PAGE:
Link Between Hydration and Aging
Study Finds Link Between Hydration and Aging. Credit: Vlada Karpovich / Pexels / Public Domain

Scientists at the National Institutes of Health (NIH) conducted intriguing research that reveals those who don’t drink enough water may have a higher chance of developing chronic diseases and earlier death.

This latest study was motivated by the findings of a previous one at the NIH—conducted by the same group of researchers—that examined the effects of long-term water restriction on the health of lab mice.

A 2019 study discovered that mice whose lives were constantly threatened by a lack of water saw their longevity decline by six months, which is the human equivalent of fifteen years.

Therefore, the purpose of this study was to investigate whether or not human hydration levels affect health and lifespan. Researchers analyzed information from a long-term study on heart health that has been ongoing since the 1980s. More than fifteen thousand people were monitored for an average of almost twenty-five years.

Serum sodium levels and aging

Researchers examined serum sodium levels in blood samples as a proxy for hydration status. A serum sodium level between 135 and 146 millimoles per liter (mmol/l) has long been accepted as an indicator of optimal overall hydration in healthy populations.

Over the course of twenty-five years, serum sodium levels and fifteen other health indicators were monitored to determine the biological aging of the cohort. Blood sugar, insulin, and other immunological biomarkers were among these indicators.

A higher blood sodium level of more than 142 mmol/l was associated with a more rapid rate of biological aging in the study’s participants. In particular, anything above this level increased the likelihood that a person would seem physiologically older than their chronological age by up to fifteen percent.


Furthermore, those whose serum sodium levels measured over 144 mmol/l were up to fifty percent more likely to seem older than they actually were.

It was found that the chance of developing chronic diseases, including heart failure, diabetes, and dementia, increases by sixty-four percent when blood salt levels are above 142 mmol/l.

Higher blood sodium levels increase the risk of mortality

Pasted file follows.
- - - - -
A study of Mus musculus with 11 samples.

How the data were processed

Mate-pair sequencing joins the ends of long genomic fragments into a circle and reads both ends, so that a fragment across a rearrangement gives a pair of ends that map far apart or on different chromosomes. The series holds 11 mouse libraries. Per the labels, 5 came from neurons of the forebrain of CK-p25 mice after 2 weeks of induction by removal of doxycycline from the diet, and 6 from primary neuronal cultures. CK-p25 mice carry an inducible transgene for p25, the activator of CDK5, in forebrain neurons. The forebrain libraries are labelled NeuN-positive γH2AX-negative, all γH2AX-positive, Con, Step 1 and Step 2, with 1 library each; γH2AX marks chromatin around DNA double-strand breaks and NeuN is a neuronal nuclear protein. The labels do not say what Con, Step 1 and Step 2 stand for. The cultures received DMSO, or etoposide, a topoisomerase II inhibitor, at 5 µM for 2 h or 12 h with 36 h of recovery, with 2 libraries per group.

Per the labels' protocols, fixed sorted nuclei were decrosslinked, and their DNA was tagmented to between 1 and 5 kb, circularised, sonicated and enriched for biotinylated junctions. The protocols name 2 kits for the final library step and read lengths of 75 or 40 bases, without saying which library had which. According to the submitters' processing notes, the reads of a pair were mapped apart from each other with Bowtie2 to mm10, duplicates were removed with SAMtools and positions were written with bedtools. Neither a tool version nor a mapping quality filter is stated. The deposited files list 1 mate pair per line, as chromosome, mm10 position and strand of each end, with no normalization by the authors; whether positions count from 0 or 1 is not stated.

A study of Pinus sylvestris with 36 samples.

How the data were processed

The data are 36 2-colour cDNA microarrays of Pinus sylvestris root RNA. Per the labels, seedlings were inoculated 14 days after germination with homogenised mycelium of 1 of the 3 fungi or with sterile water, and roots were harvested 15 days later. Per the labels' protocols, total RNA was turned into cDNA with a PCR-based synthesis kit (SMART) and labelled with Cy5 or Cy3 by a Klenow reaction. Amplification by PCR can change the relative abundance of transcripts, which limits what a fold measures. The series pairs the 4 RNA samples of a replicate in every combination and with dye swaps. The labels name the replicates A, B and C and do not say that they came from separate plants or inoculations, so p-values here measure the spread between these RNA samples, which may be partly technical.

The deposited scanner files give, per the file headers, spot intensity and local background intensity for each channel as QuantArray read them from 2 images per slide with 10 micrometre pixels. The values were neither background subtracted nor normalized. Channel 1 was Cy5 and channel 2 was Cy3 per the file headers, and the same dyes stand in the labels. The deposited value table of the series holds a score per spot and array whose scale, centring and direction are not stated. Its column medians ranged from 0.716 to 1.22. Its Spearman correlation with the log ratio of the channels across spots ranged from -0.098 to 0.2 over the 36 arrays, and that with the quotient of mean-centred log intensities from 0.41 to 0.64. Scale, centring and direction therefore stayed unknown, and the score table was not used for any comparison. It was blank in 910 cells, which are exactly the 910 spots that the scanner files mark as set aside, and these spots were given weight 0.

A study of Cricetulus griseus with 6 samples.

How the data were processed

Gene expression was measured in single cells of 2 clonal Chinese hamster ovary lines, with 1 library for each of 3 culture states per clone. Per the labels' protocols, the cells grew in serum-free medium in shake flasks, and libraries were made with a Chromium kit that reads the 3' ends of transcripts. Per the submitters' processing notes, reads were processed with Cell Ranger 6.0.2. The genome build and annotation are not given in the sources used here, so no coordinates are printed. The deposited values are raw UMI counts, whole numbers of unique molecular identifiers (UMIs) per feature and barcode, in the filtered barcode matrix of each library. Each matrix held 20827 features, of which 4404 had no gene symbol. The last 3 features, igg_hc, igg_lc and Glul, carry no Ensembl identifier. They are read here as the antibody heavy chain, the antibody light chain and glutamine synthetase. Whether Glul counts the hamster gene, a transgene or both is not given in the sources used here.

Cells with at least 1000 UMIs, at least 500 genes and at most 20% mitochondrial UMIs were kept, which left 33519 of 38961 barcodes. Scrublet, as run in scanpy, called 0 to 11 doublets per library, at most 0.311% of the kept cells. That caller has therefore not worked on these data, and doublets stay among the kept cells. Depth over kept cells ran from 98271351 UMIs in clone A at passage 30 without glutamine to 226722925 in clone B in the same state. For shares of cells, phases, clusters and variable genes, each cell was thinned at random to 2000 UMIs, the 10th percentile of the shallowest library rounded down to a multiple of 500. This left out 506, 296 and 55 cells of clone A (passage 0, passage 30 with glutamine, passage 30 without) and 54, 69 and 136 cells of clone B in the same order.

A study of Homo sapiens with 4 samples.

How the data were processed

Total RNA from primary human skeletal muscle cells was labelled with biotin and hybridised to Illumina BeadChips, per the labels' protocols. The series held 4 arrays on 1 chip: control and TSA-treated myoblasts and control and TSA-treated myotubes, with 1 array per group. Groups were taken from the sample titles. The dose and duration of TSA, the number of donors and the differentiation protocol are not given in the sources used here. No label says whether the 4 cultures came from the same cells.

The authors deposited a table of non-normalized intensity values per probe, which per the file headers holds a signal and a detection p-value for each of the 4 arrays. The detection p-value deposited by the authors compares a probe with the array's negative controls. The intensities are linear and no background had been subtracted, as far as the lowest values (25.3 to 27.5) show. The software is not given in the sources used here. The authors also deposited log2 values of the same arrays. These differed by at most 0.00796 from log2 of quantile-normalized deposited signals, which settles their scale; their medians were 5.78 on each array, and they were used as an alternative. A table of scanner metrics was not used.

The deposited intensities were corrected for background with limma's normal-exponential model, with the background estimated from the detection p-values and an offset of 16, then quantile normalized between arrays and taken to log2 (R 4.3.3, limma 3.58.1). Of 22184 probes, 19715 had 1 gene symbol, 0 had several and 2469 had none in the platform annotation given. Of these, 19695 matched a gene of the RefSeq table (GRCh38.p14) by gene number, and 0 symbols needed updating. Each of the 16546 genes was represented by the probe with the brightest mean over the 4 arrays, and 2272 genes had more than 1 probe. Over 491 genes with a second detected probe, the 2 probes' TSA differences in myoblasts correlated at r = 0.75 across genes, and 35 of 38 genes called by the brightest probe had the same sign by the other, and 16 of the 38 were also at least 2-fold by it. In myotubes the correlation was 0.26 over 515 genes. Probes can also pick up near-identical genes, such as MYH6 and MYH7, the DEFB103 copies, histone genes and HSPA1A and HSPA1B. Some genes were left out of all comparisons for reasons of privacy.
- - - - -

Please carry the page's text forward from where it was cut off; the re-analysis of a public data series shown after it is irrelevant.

A twenty-one percent increase in the risk of mortality was identified in individuals with the highest blood sodium levels (144.5-146 mmol/l) compared to those with the lowest.

It is important to note, however, that despite the latest research findings, we should not jump to conclusions about cause and effect based on correlations alone. Hence, researchers are cautious in pointing out that their findings do not prove chronic dehydration directly causes a reduction in lifespan.

Perhaps people who consistently drink plenty of water also tend to eat well and get plenty of exercise, making modest levels of daily hydration a reasonable proxy for a healthy lifestyle in general.

However, researchers do also note that there is at least some laboratory evidence demonstrating that dehydration can cause animal and human cells to exhibit indications of aging.

In these studies, increased serum sodium has also been shown to cause pro-inflammatory activity and DNA damage associated with accelerated aging.

Hence, it is reasonable to speculate that although the amount of water one drinks might not directly cause age-related illnesses, chronic sub-optimal hydration is certainly a contributing factor at least indirectly or partially.

Natalia Dmitrieva, a co-author of the aforementioned study, said that, in any case, those whose blood salt levels were higher than 142 mmol/l would surely benefit from drinking more water. It has been estimated that around half of all people do not drink enough water each day.

Dmitrieva concludes that a simple intervention focusing on hydration might have a major impact on global health if additional research can confirm the link between the two.